The Burma Army attacked troops from the Restoration Council of Shan State (RCSS) on Sunday while a team of RCSS medics carried out COVID-19 awareness activities in southern Shan State’s Mongpan Township.
Lt-Col Ohm Khur, an RCSS spokesperson, said that the fighting occurred near Nar Won village at around 3:00 p.m. on April 12 and lasted around 15 minutes.
“It’s confirmed,” he said. “Government forces patrolled the area without informing our liaison office, so we had a clash with them.”
The government forces involved were LIB 153, based between the villages of Kawng Pet and Nawng Lay in Nar Won village tract.
LIB 153 has tried to block the RCSS’s medical team from providing services in the area since early April, the RCSS has said. Villagers also have said that they have been told by the Burma Army not to accept medical checks provided by the RCSS.
The RCSS has launched an awareness campaign around the COVID-19 pandemic in their territory and their medics have been monitoring for signs of the virus in locals—including temperature checks—while sharing information in Shan about how to prevent the spread of the coronavirus, including the need for handwashing and mask-wearing.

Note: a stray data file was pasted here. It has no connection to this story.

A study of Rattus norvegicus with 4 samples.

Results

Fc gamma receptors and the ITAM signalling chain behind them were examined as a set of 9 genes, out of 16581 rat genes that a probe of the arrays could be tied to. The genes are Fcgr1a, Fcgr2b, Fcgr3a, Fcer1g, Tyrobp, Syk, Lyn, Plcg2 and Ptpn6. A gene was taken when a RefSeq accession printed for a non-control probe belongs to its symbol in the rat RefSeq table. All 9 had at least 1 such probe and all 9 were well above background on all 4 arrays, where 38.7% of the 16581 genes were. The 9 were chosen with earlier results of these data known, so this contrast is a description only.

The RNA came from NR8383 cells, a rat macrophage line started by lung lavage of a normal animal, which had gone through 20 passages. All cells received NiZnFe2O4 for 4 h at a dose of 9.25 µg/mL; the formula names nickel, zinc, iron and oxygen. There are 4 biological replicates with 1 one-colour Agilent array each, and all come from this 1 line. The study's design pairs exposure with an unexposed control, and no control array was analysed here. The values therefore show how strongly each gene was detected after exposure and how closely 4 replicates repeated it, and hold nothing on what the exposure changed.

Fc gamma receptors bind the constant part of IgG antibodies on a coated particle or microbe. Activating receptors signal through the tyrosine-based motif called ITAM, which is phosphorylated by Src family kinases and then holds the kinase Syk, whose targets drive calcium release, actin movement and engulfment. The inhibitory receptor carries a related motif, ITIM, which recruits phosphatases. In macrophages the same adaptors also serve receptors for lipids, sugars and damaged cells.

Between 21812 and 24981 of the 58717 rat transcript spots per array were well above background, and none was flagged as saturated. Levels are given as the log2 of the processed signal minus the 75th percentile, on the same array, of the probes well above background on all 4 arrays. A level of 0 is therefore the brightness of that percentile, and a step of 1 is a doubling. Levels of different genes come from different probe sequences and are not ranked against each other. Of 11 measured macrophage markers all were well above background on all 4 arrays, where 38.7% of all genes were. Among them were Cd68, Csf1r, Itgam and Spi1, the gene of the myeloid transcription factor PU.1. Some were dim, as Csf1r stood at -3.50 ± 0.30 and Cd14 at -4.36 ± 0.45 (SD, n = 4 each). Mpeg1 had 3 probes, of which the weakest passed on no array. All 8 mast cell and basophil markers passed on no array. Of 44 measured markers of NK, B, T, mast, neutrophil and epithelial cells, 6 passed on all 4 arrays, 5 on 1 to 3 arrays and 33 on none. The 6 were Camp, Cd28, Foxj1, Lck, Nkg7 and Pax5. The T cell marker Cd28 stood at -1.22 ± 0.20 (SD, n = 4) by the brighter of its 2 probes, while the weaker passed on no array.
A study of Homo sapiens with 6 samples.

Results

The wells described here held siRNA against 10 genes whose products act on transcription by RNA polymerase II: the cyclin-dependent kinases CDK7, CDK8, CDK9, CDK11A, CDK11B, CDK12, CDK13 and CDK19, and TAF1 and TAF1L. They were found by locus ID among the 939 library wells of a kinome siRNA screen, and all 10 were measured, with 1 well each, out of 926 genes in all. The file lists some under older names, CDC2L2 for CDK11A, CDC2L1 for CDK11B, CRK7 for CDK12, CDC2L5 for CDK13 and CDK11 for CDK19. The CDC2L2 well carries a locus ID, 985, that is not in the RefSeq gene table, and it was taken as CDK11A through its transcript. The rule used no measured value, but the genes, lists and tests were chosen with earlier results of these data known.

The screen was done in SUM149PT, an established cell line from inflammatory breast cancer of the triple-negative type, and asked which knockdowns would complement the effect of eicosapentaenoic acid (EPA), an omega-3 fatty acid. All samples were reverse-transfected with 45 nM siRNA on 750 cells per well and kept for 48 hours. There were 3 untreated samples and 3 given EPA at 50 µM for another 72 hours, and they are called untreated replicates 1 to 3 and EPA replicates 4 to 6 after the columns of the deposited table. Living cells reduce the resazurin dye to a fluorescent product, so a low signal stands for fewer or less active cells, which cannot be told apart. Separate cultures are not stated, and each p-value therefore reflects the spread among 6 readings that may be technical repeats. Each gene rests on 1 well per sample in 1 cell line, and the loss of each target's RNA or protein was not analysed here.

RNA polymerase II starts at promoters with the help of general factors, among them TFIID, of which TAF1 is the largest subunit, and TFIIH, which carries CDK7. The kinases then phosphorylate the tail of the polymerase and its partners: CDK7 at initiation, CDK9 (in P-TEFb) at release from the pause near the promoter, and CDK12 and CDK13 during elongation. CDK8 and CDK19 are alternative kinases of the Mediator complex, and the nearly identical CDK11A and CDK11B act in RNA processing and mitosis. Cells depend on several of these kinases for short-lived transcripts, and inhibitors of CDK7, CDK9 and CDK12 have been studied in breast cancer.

Ethnic health organizations and medics from ethnic armed organizations operate in rural conflict-affected areas where government health services are often not available and frequently not trusted, due to language barriers and the long-running civil war with the Burmese state.
SHAN reported on April 3 that the Shan State government had only US$360,000 remaining in its disaster relief fund to fight coronavirus in the state, raising questions as to how the government will address the pandemic in ethnic regions and areas where the civil war continues.
The RCSS is one of 10 ethnic armed organizations signatory to the Nationwide Ceasefire Agreement with the government and military. Its status as a signatory has not stopped clashes from occurring with the Burma Army, which occurred as recently as March in Mongton and Mong Kung.